The jury is still out on whether we are in the early stages of a once-in-a-generation bull market or on the edge of a precipice where the gains of the past few years are about to take a serious hit.
For what it's worth, I am cautiously optimistic about the rally.
While some summer consolidation is probably in order after the great start to 2013, the American economy is slowly stabilizing and both stocks and real estate are on the way up; things will continue to improve globally in the long term.
That means on a pullback, I'll be buying.
But whatever your opinion is on the current environment, you don't have to be "right" about the near-term direction of the market in order to invest profitably. Plenty of data show long-term investing in stable dividend payers is a great way to grow your nest egg -- and after the dot-com crash and financial crisis, many investors are coming around to the idea of modest but consistent returns in a buy-and-hold portfolio of dividend payers.
If you're unconcerned with timing the market and prefer long-term capital gains to short-term churn, here are three picks you may want to consider buying and holding:
As a $190 billion megacap, AT&T Inc. (T) isn't going anywhere. It shares a near duopoly on the wireless market with Verizon (VZ). Recently, AT&T announced plans to expand its 4G LTE service to cover nearly 200 million customers. Beyond that, AT&T is one of just a handful of American companies including Verizon, Comcast (CMCSA) and Time Warner (TWX) providing high-speed Internet access at scale to both homes and businesses -- a great business to be in during this data hungry age.
The big risk lately, of course, is that Highfields Capital Management's founder and CEO Jonathon Jacobson publicly came out as being short AT&T at the Ira Sohn conference a month ago. But frankly, the details were very light in everything I've read -- and remember that very public short-selling schemes don't always stick or play out as planned. Think Bill Ackman and $1 billion Herbalife bet. This headline alone shouldn't scare you off.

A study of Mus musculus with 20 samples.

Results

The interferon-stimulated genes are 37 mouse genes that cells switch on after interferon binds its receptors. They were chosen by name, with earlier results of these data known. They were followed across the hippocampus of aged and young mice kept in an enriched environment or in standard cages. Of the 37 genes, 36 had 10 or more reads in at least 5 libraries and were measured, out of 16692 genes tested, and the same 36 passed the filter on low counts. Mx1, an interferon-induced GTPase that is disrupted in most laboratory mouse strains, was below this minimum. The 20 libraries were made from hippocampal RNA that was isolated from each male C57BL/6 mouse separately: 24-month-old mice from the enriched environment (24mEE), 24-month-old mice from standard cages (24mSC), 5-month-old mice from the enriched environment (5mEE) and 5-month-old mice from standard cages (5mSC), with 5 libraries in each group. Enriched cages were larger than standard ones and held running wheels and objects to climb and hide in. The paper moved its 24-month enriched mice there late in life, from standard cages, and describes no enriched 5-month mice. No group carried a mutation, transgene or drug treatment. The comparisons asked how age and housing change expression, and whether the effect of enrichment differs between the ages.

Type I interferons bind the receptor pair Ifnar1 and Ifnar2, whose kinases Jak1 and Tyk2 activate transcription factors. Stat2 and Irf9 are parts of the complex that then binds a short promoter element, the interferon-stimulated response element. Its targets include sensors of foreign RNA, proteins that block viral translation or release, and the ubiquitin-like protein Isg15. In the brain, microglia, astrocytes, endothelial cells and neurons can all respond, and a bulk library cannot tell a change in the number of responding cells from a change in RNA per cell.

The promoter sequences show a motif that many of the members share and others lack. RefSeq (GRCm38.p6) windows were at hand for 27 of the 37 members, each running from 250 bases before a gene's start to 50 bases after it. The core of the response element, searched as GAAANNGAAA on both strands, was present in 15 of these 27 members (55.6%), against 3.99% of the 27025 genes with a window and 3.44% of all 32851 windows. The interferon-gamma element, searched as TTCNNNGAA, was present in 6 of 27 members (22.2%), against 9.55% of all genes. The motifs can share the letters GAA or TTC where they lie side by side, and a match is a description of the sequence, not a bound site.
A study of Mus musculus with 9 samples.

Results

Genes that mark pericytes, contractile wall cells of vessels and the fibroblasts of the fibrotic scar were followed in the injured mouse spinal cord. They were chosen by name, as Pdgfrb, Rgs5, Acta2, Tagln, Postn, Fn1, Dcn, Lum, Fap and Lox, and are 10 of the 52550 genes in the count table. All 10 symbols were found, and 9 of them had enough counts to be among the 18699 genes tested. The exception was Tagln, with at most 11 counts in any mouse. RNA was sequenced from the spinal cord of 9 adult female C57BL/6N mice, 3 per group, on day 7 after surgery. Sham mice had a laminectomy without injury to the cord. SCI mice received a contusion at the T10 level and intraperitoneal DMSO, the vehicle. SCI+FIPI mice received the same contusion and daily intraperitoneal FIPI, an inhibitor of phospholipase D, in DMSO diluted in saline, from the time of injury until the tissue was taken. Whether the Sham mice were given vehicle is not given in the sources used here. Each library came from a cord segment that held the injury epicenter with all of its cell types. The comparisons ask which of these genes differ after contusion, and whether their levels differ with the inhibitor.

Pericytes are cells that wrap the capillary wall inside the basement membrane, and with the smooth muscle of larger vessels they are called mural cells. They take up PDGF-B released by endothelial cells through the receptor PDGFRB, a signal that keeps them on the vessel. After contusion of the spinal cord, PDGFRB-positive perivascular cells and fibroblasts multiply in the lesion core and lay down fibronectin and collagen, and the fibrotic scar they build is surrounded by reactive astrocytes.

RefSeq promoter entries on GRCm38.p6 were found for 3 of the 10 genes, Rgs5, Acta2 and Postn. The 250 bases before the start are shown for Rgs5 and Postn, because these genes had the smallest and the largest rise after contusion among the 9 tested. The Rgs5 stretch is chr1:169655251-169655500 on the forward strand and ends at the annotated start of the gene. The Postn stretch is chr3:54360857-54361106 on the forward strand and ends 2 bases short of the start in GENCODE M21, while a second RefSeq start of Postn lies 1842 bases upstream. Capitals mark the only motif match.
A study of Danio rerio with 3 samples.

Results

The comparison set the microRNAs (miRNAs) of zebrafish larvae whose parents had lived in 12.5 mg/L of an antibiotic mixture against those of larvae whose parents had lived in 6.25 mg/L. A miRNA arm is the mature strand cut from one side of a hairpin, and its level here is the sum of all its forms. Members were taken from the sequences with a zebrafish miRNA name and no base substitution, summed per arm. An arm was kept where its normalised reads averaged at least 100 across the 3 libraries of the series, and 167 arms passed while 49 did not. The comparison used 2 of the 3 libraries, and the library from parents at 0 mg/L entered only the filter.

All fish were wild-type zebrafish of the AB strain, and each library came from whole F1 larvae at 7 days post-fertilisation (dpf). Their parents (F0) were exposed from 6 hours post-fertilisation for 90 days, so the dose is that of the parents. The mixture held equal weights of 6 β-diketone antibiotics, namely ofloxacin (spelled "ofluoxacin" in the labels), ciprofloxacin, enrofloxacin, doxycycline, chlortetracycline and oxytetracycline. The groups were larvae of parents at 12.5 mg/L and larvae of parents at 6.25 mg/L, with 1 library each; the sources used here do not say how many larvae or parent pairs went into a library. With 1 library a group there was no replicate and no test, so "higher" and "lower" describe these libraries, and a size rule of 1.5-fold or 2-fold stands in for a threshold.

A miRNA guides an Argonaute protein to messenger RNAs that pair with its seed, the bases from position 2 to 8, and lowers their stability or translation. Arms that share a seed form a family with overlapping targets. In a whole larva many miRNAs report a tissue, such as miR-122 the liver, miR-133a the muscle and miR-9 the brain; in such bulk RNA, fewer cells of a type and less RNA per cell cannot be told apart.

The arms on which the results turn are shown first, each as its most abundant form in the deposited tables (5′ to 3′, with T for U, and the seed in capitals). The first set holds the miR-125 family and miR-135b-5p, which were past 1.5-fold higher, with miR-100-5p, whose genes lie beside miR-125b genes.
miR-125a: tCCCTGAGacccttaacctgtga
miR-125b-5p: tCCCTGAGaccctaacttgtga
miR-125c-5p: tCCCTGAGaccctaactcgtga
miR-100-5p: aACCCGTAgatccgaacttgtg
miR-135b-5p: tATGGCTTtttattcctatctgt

Boasting a 5.1% dividend yield and a bunch of negativity priced in after Ira Sohn, with AT&T off 6% in a little over a week, now could it be a decent time to stake out a position in this telecom giant. The forward P/E of AT&T is about 13 after the sell-off.
Though share appreciation admittedly may be hard to come by in AT&T, the yield alone is pretty attractive even if shares move sideways. Oh, and the dividends have increased 44% since 2004 -- so theoretically, 10 years from now you could have a yield on cost of 7.4%. And with payouts at less than 25% of FY2014 earnings, the dividend is not just sustainable but could easily move higher.
Why in the world would you mess with a commodity stock like BHP Billiton (BHP) right now? Well, because nobody else wants to -- and the price of this miner is dirt cheap.
For starters, BHP Billiton is trading around $66 a share but hasn't dipped below $60 for more than a few days since July 2009. There is a nice floor right now to encourage entry.
Secondly, the semiannual dividend adds up to about a 3.4% yield. That's a good payout.
Lastly, BHP is a diversified miner that produces aluminum, iron, coal and even oil. This allows for a bit more stability than other miners focused on one specific commodity.
Throw in the weakening Australian dollar and the prospect of higher inflation long term as a tailwind to commodity prices and you have a pretty good case to stake out a position in BHP.
Obviously base metal stocks haven't wowed investors for the last year or two. But they will undoubtedly play a significant role in any global recovery. That means the only reason to not stake out a position in a pick like BHP is because you believe industrial demand will stay weak for years or decades to come.
That's an awfully bleak investing strategy. And frankly, if that proves true you don't have many places to turn, materials or otherwise. Unless you're confident of a collapse, BHP seems a low-risk way to play the recovery over the next few years and collect some nice income in the process.
Johnson & Johnson
Iconic health care company Johnson & Johnson (JNJ) had been dead money for several years up until a big run to start 2013 brought it back into the spotlight. And while shares may be a bit frothy, there's reason to think JNJ is still a great buy even at these levels.
Longtime leader William Weldon stepped down last year after a number of quality-control issues and general management missteps, but new CEO Alex Gorsky seems to be running a tighter ship. After stagnant or declining profits previously, fiscal 2013 earnings are forecast to be up over 40% from 2012 numbers -- and the company is riding three consecutive quarterly increases in revenue, too
The 3.1% dividend yield is substantial, and payouts are triple what they were in 2002, so there's a great chance of future increases; dividends are just 45% of fiscal 2014 earnings forecasts.
Broadly speaking, health care is a great place to be, thanks to the demographics of an aging America. But Johnson & Johnson also has the benefit of both clinical sales as well as consumer-health products like Tylenol and Band-Aids that add stability to shares.
If you're looking for a long-term winner, even near a 52-week high I think JNJ is a great play. And if you can snag it on a mild pullback after its strong 20% run year-to-date, all the better.